The typical Hooters restaurant is a 5,000- to 7,000-square-foot sports bar and casual dining restaurant with an investment cost upwards of $2 million. Hoots Wings, by contrast, has a footprint between 1,300 and 1,800 square feet and an investment range that starts under $500,000.
A fast-casual spinoff of Hooters, Hoots Wings debuted in suburban Chicago in 2017 following its creation by Sal Melilli, then Hooters’ chief operating officer and a franchisee. Now the CEO of Hooters’ parent company, HOA Brands, Melilli is franchising the concept and said it’s a “compelling proposition” for prospective franchisees looking for an alternative to the full-service model.
“We saw some Hooters were doing incredible volume with off-premises and so we thought why not create something that just does our most popular items,” said Melilli of the ideation behind Hoots Wings.
“When you look at how we compare to the rest of the sector … no one has the differentiation that we have,” he continued, naming naked wings, fried wings, broasted and smoked wings among the Hoots offerings.
Three locations are now open in Chicago, along with three company-owned units in Atlanta and one in St. Petersburg, Florida. There’s a mix of endcap and inline restaurants so far, with no plans for a drive-thru model because online orders and delivery already make up more than 80 percent of sales at some locations. Delivery providers are directly integrated into the ordering platform. “The delivery side has really exploded,” noted Melilli.
While Hoots Wings doesn’t provide financial performance information in Item 19 of its FDD, Melilli said the COVID-19 pandemic “actually accelerated” the launch of a franchise program because the existing seven restaurants “are performing well.” He expects consumer habits to keep moving to takeout and delivery even after the pandemic, and though Hooters is still developing traditional locations, Hoots Wings is another option for operators looking to grow.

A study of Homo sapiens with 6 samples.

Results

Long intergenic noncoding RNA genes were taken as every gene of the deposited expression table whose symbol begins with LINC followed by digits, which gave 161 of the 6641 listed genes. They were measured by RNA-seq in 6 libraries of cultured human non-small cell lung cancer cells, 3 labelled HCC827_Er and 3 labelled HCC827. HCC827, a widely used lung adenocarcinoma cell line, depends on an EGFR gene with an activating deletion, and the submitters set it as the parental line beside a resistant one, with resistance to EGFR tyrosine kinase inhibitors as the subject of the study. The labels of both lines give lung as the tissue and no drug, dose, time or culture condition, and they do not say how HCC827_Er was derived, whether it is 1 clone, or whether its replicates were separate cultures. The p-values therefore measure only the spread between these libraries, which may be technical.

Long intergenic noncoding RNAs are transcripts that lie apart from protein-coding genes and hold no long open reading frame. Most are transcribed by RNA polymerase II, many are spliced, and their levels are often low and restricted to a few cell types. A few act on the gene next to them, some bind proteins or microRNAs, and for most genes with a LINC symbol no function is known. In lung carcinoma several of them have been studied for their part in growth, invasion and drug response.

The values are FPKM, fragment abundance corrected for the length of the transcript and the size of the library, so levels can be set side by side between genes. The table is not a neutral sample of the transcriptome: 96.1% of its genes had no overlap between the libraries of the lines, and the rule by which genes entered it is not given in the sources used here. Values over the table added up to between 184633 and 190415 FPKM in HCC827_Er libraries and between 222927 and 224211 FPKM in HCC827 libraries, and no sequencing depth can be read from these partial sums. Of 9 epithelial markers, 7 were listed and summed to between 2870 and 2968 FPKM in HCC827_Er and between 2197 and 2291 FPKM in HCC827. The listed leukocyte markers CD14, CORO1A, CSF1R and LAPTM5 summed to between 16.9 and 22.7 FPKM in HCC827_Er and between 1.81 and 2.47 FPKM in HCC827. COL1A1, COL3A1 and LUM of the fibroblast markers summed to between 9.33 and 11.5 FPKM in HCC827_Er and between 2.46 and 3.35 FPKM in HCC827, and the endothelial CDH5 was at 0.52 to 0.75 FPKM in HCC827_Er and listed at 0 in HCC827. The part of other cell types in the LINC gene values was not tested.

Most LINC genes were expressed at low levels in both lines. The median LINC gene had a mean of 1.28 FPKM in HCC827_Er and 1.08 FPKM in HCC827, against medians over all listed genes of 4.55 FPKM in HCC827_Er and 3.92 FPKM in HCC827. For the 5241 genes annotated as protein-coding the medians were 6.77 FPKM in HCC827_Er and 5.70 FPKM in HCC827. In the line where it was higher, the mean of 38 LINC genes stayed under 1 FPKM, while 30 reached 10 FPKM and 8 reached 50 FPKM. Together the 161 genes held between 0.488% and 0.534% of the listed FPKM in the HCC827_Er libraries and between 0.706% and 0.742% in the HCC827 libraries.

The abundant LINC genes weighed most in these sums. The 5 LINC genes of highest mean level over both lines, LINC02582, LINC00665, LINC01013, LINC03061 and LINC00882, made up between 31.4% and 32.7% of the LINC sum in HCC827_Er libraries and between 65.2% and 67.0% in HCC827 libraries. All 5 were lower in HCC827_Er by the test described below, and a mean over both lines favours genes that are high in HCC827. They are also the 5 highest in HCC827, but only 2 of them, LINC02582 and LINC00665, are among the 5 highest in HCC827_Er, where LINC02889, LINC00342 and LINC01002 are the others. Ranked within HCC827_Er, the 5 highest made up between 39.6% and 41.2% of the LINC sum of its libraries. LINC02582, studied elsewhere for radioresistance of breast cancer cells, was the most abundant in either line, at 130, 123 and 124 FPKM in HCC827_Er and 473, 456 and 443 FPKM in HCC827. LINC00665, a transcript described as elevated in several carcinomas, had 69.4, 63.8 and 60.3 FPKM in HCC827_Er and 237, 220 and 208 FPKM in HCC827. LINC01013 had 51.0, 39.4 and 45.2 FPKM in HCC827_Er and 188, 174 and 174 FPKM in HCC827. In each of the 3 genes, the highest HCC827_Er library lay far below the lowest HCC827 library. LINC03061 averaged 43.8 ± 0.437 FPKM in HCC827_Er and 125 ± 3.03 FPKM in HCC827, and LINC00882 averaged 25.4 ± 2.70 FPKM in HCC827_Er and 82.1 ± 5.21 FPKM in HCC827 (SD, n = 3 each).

“Really it started, too, to help existing franchisees backfill a market where maybe you wouldn’t put a traditional Hooters,” said Melilli.
The majority of Hooters’ 400-plus restaurants are back open, added Melilli, and at the roughly 200 of them operated by the company he said the return of professional sports in the middle of last year brought out “pent up demand from our heavy user.”
“When sports came back there was definitely an uptick in our business,” said Melilli.
As Franchise Times covered earlier this month, the chicken segment is attracting plenty of attention from franchisees and brands themselves, while spinoff concepts and drive-thru-only prototypes abound as the restaurant industry evolves. Look for more coverage in the February issue of Franchise Times.